What Is SM-102? Moderna COVID Vaccine Ingredient Claim Debunked by Scientists

A conspiracy theory regarding the Moderna vaccine is being circulated on social media, in which anti-vaccination proponents raise concerns that the shot contains an ingredient that is unsafe for human use.

The conspiracy theory being spread by users on Twitter and TikTok highlights one Moderna vaccine ingredient; a lipid, or type of fat, known as SM-102.

According to Moderna, SM-102 is indeed listed among the ingredients of the vaccine.

Many of the social media posts and videos then highlight U.S. biochemical manufacturing company Cayman Chemical, which sells SM-102 as a research chemical.

The site states that the SM-102 product it sells is "for research use only, not for human or veterinary use."

It also includes a safety sheet that identifies hazards such as flammability and "harmful if swallowed," among others.

However, what the videos and posts do not show is that the SM-102 product sold by Cayman is a mixture of two substances—SM-102 and chloroform. It lists chloroform as the dangerous component, and not SM-102, which is listed as "other."

Substances are often prepared mixed-in with other chemicals that help them to dissolve. These substances that help with the dissolving process are known as solvents, and chloroform is used in this way. Even water can be used as a solvent.

Al Edwards, impact lead for the pharmacy research division at the University of Reading, told Newsweek: "Some solvents are often used to prepare things like lipids, but are removed after use.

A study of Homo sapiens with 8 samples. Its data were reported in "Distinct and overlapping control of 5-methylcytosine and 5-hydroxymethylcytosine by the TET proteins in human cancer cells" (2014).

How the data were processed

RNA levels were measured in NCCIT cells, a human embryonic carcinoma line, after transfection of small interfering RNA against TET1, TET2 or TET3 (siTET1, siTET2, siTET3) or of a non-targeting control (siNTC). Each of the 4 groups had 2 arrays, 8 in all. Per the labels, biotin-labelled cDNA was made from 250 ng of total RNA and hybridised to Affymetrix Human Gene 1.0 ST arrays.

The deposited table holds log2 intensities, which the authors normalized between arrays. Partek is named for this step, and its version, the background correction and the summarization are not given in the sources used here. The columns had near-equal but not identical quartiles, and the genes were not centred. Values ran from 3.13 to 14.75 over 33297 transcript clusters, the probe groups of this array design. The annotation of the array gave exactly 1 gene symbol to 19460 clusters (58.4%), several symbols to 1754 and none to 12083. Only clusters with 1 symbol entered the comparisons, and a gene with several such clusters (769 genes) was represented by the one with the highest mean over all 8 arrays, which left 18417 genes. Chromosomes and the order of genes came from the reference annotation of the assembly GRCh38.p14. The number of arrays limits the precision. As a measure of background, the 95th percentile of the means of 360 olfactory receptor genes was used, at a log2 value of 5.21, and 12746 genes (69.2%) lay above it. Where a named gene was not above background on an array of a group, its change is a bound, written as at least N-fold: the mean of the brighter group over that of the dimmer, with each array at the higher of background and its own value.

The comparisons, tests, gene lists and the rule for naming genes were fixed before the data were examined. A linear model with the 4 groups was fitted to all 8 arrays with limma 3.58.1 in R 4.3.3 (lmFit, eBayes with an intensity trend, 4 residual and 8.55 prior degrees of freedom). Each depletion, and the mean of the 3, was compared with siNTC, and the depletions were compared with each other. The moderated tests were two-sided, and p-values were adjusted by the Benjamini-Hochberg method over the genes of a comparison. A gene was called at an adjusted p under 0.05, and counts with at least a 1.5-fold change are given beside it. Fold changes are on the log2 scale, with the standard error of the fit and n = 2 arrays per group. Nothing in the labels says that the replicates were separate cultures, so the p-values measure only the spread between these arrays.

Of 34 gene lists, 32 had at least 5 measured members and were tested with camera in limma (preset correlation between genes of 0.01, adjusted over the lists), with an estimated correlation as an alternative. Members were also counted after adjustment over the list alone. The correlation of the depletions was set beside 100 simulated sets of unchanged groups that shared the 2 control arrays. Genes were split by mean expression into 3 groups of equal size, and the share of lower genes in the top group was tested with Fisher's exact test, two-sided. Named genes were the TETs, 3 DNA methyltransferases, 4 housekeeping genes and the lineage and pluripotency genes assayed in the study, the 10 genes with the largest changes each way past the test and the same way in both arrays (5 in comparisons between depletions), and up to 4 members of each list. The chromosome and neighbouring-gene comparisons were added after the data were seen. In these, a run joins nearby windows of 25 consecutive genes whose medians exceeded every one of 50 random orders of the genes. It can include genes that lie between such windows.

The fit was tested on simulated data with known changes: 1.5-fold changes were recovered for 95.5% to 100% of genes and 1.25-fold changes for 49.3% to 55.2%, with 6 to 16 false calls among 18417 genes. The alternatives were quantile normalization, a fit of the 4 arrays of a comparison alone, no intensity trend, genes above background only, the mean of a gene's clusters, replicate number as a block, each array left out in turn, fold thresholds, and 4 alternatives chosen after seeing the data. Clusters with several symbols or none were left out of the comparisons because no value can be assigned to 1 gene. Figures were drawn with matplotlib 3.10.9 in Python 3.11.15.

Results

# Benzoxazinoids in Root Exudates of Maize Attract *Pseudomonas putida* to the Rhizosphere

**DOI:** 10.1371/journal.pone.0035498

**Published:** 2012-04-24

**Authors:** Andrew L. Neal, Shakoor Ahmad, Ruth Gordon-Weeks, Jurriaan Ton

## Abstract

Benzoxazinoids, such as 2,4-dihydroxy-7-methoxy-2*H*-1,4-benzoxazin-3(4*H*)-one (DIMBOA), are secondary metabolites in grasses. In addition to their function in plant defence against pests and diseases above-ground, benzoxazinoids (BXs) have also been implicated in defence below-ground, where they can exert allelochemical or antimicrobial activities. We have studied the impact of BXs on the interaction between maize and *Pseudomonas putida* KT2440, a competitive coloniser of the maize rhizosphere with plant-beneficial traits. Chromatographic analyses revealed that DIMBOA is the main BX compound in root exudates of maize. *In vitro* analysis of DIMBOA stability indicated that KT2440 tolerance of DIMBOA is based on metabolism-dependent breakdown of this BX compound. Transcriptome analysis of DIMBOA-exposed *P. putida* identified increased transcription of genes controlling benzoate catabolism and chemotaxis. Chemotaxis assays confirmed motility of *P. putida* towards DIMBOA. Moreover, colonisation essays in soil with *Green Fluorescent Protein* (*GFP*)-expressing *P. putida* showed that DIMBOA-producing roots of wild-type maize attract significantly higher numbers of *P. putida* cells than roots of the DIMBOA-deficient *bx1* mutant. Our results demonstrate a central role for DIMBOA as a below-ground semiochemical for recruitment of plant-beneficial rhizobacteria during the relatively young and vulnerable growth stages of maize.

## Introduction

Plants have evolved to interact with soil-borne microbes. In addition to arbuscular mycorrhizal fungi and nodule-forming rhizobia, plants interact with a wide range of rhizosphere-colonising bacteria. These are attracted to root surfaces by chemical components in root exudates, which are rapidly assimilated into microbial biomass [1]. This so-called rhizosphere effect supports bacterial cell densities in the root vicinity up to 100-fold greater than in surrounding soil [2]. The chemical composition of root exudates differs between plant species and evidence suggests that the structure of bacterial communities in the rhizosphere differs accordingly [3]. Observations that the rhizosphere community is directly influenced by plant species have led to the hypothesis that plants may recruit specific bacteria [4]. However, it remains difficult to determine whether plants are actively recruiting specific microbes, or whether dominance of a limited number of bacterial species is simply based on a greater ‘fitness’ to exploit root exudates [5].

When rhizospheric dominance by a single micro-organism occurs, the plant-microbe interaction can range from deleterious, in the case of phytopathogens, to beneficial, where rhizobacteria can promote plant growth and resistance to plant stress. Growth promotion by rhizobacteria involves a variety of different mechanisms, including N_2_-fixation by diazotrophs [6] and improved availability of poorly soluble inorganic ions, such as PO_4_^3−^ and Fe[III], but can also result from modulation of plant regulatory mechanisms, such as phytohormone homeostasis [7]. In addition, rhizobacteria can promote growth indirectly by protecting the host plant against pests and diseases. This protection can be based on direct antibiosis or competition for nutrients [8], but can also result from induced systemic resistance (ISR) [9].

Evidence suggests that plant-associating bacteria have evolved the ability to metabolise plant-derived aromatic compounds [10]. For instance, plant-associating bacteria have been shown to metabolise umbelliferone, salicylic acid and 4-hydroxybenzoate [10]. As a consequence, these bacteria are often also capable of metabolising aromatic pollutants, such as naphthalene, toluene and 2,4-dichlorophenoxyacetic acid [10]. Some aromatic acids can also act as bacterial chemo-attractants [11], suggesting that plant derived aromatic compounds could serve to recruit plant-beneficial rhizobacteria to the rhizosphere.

"I don't know the exact process used to make the Moderna vaccine, but even if it did involve dissolving the lipid in a solvent such as chloroform, any residual amount of solvent left in the vaccine—if not fully removed—would be measured very precisely and listed as an ingredient. It would also only be allowed if it was known to be safe."

Chloroform is not listed as an ingredient in the Moderna vaccine.

Ed Hutchinson, a lecturer at the University of Glasgow's Centre for Virus Research, told Newsweek it is "entirely normal" for chemicals to be supplied in different grades of purity and that ones destined for human use would be treated with the greatest care.

"If you want an analogy—road grit and table salt are both salt, but you should only eat the more expensive and cleaner one," he said.

"Safety sheets for chemicals sold for purposes other than vaccines can look alarming for three reasons—they might refer to a less pure product than is used in vaccines; they might include warnings about additional compounds not present in vaccines—for example, flammable solvents; or they might refer to properties of the compound on its own that aren't present in the vaccine itself."

Edwards also said that fact safety sheets, such as the SM-102 one alluded to by anti-vaccination proponents, can easily be misinterpreted.

"A seller can label something as not for human consumption or use in medicines just because they don't want the product to be used in that way; the business does not want to certify that it's safe for human use."

"But this doesn't reflect that the product and all its components are unsafe—just that particular preparation.

"Peanuts sold for bird seed often are labelled in this way. That doesn't mean peanuts are hazardous to humans."

Newsweek has contacted Moderna for comment.